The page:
This summer has seen a fair amount of state budget wrangling in the Carolinas, which has put the pronounced differences in the policies being put forth by SC Gov. Nikki Haley and NC Gov. Bev Perdue on full display.

After a week-long state budget stand-off between the NC Legislature and Democratic Governor Bev Perdue, the Legislature gathered enough votes last week for a bi-partisan override of Gov. Perdue’s budget veto for the 2nd year in a row. Perdue’s veto came as the result of her insistence on a sales tax increase.

Another pro-growth piece of legislation that the North Carolina Legislature approved despite Gov. Perdue’s veto was a bill to permit hydraulic fracturing and drilling within the state. With North Carolina’s 9.7 percent unemployment rate (the 4th worst in the nation), Gov. Perdue needlessly attempted to derail job-creating legislation in the Tar Heel State by vetoing this bill to throw a bone to far-left special interests.

This political pandering by Perdue is in stark contrast to her counterpart to the South, Governor Nikki Haley.

Governor Haley has aggressively championed and pursued pro-growth reforms and policy initiatives that will attract employers to South Carolina and make it a more competitive state to do business and create jobs in the process. Where as Perdue and her would be successor, Walter Dalton, are dead set on raising taxes, Gov. Haley is taking South Carolina in the opposite direction.  Most recently, Gov. Haley signed into law a continuing resolution (H. 5418) that would lower the income tax rate for small businesses from 5% to 3% over the next three years. This amounts to $20 million per year in tax relief for the engines of job creation in the Palmetto State- small businesses. By contrast, Gov. Perdue vetoed small business tax relief passed by North Carolina legislators. Gov. Haley has issued line item vetoes that eliminate over $67 million dollars of wasteful spending in South Carolina’s budget.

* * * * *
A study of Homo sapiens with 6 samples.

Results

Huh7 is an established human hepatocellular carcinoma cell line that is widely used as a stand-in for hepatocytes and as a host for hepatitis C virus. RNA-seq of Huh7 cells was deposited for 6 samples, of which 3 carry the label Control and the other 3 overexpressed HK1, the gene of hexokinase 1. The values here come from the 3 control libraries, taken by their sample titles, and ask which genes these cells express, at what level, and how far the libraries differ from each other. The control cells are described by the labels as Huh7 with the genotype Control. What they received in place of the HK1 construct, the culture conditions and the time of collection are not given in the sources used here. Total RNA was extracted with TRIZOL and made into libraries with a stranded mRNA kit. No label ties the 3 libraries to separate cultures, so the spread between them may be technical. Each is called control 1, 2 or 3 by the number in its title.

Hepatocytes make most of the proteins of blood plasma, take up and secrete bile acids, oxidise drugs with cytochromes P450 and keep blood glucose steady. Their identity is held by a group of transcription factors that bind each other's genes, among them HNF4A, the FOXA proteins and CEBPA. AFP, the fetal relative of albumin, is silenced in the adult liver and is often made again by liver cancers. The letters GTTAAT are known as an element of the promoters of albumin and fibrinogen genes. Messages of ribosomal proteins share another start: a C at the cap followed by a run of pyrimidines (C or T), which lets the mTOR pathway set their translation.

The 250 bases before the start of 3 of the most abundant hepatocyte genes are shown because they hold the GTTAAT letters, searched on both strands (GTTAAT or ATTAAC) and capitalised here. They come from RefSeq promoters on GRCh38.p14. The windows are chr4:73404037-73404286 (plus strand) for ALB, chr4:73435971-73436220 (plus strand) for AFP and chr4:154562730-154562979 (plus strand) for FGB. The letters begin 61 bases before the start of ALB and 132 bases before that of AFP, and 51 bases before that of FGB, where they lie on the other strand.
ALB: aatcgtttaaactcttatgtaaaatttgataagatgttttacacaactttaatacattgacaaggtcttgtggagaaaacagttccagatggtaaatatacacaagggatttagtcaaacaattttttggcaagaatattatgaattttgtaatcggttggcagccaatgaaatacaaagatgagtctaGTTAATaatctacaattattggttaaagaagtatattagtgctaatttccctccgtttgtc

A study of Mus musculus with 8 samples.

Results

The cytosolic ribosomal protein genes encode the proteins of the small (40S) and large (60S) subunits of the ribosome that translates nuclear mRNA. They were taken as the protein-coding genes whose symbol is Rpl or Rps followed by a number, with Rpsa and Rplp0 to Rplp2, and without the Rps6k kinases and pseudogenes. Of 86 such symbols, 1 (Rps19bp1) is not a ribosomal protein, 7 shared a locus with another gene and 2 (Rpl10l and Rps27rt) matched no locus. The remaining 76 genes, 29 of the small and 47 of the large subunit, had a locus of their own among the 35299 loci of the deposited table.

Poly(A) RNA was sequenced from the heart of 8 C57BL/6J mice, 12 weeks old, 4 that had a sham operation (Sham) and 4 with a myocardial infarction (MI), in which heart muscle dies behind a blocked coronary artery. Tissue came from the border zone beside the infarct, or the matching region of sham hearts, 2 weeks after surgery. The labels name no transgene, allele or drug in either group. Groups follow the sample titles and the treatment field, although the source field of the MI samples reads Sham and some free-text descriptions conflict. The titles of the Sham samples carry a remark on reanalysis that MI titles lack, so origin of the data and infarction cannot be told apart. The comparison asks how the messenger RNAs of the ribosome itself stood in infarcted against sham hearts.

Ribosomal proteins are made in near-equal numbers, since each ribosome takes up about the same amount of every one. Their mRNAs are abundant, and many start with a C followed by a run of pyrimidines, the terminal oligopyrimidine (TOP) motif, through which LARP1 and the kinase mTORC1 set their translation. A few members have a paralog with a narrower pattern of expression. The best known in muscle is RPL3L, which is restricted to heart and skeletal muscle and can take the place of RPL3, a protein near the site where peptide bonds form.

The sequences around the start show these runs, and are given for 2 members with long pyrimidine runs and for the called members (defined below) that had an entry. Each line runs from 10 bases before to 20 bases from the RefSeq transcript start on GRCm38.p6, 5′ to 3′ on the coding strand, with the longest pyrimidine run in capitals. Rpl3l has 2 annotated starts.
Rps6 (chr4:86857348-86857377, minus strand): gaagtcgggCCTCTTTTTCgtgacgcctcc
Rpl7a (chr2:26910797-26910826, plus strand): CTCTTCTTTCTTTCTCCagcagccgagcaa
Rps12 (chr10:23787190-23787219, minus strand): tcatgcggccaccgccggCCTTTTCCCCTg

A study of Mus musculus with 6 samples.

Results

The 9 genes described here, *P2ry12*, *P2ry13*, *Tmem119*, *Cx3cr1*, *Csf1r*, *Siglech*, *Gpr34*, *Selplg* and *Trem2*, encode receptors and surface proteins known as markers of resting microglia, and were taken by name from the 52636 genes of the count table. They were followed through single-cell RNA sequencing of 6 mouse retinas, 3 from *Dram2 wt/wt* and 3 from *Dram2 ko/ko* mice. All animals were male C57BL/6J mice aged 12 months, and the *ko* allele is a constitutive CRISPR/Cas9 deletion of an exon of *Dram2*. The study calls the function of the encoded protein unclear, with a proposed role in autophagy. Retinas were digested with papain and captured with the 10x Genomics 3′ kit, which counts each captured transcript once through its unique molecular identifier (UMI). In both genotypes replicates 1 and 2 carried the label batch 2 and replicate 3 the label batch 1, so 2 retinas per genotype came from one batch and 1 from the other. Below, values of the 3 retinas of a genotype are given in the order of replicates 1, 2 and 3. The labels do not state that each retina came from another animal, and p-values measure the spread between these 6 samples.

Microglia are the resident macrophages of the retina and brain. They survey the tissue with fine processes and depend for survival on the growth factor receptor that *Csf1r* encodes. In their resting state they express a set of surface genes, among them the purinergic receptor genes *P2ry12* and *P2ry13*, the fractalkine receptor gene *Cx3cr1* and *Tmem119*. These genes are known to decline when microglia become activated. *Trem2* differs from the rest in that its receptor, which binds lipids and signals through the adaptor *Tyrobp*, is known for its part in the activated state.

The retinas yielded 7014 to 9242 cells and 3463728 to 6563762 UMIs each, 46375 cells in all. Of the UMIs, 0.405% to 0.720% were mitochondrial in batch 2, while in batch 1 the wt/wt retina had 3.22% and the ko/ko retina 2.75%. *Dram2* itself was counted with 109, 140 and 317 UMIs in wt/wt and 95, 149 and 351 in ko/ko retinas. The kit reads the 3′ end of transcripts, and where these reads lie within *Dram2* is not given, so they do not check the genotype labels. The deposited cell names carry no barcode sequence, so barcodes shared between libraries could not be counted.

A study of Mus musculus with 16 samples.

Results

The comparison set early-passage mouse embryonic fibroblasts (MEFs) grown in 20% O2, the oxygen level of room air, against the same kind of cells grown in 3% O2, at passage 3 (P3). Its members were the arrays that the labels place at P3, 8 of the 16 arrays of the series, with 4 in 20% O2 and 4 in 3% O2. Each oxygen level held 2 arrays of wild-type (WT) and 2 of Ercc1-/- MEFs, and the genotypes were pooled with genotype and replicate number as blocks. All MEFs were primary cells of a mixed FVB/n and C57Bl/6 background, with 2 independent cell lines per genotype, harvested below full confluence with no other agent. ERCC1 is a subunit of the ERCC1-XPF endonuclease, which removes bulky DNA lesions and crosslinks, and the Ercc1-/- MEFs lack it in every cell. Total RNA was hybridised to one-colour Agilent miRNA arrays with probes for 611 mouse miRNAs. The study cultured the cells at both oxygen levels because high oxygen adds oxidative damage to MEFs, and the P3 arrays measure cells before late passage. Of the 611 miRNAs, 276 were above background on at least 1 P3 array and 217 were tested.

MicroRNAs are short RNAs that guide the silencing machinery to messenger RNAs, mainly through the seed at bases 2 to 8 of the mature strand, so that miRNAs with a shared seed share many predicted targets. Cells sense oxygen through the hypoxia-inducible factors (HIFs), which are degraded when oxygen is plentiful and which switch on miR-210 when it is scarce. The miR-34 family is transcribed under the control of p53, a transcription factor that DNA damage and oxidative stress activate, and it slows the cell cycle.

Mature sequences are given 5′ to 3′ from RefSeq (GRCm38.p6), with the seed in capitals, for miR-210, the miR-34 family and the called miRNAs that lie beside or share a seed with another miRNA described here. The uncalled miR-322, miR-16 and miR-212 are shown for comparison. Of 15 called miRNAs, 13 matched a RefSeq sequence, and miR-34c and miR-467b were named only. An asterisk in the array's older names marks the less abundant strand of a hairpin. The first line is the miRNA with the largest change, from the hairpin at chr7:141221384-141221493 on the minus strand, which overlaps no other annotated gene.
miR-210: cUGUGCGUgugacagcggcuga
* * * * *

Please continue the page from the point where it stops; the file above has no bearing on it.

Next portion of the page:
Tax relief such as this represents an important first step in the right direction for small businesses who are struggling under the burden of over-regulation and over-taxation advanced by the Obama administration. In addition, South Carolina’s budget also puts aside $100 million into a reserve fund, instead of spending more on government expansion. Governor Haley’s achievements are an excellent first step toward comprehensive pro-growth tax reform. They are especially noteworthy when contrasted with the efforts of her counterparts in the North, Bev Perdue, and the man hoping to replace her, Lt. Gov. Walter Dalton, who have both come out in support of a sales tax hike.

This November’s gubernatorial election in North Carolina will decide whether North Carolina will continue the tax-and-spend approach of Barack Obama, Bev Perdue and Walter Dalton, which has made the state less competitive regionally and globally, or whether the state will make an attempt to keep up with its neighbors who are improving their business tax climates, such as South Carolina, Virginia and Tennessee.